Russia is likely already interfering in the midterm elections, and now their attempts to compromise American voting machines have one less roadblock thanks to Republicans.

On Wednesday, Senate Republicans successfully killed a Democratic amendment on a 50-47 vote that would have secured $250 million in funding for states to use to safeguard voting machine software used on Election Day. According to The Hill, Republicans argued that the $250 million in election security grants was unnecessary, as states have not yet spent all of the $380 million Congress previously appropriated for election security. Senators largely voted along party lines, though Senator Bob Corker (R-Tennessee) sided with Democrats and voted in favor of the amendment.

“We don’t know how the first $480 million has even been spent, and the intelligence committee did an extensive research on how much money was needed and the $380 million amount was what was needed for the moment,” Senator James Lankford (R-Oklahoma) said.

This isn’t the first time Republicans have taken steps to pave the way for further Russian interference. In February,  the Republican-controlled House Administration Committee voted 6-3 to abolish the Election Assistance Commission — a federal entity that exists to help states protect their election systems. The effort did not ultimately pass a floor vote, however.

While states may not have spent 100 percent of the money Congress allocated, it’s important to remember that some states still have not yet conducted primary elections, let alone the November general election, and are likely trying to make current money stretch over the next three months. The Department of Homeland Security (DHS) already confirmed in February that Russian hackers targeted voter registration rolls in 21 states, and that hackers were able to successfully compromise systems in multiple states.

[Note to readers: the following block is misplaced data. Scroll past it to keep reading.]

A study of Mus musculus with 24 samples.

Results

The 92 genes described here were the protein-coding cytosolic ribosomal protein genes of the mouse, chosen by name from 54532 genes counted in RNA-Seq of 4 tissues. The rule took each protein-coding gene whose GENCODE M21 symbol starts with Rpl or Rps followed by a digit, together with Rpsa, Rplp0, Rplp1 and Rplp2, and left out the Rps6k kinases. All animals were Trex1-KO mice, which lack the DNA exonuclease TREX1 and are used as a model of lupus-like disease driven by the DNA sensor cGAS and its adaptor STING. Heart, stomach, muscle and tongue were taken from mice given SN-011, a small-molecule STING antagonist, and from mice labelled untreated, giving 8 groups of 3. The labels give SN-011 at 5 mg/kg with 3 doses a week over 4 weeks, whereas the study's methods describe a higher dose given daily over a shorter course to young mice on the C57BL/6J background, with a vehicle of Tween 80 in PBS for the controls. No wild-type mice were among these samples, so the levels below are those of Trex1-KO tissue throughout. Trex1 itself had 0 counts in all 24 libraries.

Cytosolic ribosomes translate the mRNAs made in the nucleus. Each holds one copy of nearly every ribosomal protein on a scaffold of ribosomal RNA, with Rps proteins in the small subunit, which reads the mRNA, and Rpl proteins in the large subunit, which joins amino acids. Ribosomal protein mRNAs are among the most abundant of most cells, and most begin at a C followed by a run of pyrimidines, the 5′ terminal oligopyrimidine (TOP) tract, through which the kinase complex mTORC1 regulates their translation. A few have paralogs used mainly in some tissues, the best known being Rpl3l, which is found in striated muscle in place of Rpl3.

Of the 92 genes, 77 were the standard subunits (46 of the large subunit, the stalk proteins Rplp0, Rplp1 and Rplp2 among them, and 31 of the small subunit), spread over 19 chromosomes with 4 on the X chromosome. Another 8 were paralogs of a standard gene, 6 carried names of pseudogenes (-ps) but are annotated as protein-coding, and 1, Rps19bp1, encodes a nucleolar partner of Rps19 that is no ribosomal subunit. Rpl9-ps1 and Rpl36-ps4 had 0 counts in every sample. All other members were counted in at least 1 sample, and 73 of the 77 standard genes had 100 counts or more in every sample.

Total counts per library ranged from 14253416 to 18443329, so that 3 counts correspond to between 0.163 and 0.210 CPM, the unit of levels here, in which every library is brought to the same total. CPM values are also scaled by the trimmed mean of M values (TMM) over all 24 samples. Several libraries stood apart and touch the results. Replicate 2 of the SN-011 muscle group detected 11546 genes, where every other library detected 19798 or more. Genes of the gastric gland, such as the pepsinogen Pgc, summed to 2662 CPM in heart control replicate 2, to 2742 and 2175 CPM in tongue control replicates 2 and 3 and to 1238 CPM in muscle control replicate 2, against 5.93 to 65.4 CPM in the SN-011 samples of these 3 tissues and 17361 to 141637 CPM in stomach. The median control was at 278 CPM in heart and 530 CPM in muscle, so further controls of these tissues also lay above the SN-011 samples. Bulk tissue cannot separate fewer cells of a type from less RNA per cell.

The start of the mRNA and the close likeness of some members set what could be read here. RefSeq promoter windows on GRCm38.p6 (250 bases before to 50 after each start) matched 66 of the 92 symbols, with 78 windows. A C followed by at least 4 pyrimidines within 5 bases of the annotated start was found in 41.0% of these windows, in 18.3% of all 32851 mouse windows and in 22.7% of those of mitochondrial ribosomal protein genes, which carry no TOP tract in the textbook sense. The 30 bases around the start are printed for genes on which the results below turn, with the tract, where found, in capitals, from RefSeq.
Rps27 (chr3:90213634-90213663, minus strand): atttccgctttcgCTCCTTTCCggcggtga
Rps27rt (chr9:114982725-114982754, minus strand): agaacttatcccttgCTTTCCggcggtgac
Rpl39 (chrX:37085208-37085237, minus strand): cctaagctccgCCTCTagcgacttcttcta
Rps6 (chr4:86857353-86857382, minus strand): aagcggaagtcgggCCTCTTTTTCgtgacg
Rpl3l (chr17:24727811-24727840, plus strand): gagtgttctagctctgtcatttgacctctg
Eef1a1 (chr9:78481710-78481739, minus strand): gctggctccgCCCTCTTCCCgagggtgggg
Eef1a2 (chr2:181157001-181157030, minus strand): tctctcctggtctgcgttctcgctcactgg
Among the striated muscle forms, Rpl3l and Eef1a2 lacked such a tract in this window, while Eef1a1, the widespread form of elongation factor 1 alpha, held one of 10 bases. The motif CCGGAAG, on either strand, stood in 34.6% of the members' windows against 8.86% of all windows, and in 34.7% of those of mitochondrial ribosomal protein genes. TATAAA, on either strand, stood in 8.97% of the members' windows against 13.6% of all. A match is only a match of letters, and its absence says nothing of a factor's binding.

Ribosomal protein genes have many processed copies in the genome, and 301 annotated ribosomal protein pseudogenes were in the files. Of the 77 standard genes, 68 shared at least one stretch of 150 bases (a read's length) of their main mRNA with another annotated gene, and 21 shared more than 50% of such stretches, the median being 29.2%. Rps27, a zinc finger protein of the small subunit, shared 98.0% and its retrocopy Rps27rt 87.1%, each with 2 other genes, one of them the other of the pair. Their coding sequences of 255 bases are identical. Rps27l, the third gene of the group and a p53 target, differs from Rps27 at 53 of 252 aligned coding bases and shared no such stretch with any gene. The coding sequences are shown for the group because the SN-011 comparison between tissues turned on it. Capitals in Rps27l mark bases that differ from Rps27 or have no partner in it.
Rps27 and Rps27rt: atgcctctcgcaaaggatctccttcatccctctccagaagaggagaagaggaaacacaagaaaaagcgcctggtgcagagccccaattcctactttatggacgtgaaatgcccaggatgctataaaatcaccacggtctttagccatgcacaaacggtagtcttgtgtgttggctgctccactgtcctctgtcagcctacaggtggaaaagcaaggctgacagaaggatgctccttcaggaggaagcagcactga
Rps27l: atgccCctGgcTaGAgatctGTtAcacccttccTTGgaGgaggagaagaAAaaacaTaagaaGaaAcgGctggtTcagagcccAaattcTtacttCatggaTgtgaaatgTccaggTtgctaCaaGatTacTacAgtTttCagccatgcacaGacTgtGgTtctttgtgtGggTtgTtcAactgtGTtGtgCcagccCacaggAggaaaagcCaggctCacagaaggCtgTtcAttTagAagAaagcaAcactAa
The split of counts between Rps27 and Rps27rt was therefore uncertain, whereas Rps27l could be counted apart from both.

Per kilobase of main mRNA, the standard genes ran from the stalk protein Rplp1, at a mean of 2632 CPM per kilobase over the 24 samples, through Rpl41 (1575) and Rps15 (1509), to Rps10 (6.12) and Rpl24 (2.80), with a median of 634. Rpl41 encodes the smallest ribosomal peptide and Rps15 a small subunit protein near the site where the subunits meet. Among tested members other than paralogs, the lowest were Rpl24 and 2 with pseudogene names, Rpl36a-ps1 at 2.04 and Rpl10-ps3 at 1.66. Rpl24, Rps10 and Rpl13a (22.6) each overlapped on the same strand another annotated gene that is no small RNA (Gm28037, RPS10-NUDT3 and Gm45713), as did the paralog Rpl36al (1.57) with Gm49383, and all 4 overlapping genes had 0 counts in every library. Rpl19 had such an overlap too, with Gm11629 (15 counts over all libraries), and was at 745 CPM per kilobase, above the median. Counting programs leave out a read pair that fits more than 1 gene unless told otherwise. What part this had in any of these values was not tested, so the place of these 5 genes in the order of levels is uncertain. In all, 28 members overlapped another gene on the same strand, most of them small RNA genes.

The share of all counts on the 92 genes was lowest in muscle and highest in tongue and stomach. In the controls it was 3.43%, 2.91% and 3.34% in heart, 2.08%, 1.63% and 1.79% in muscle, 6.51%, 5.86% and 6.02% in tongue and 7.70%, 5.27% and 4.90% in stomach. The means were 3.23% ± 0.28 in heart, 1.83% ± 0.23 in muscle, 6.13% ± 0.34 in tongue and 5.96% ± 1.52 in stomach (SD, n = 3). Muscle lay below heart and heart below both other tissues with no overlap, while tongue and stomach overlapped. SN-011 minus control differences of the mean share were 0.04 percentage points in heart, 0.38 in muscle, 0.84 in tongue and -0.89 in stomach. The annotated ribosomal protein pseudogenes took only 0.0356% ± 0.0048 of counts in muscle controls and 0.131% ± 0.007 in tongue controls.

“2016 was a wake-up call and now it’s incumbent upon states and the Feds to do something about it before our democracy is attacked again,” former Homeland Security Secretary Jeh Johnson said in response to the DHS’ findings.

The recent vote to kill the election security grants amendment helps put a recent troubling survey into context. Yahoo Finance recently found that 40 percent of Republicans said they either thought it was “appropriate” or “not appropriate, but wouldn’t be a big deal” if Russia interfered in the 2018 election in order to help Republicans maintain control of Congress.


Jake Shepherd is a freelance writer from Cleveland, Ohio. He enjoys poring through financial disclosure statements, spirited debate, and good scotch. He remains eternally optimistic about the Browns. Email him at jake.d.shepherd.21 (at) hotmail (dot) com.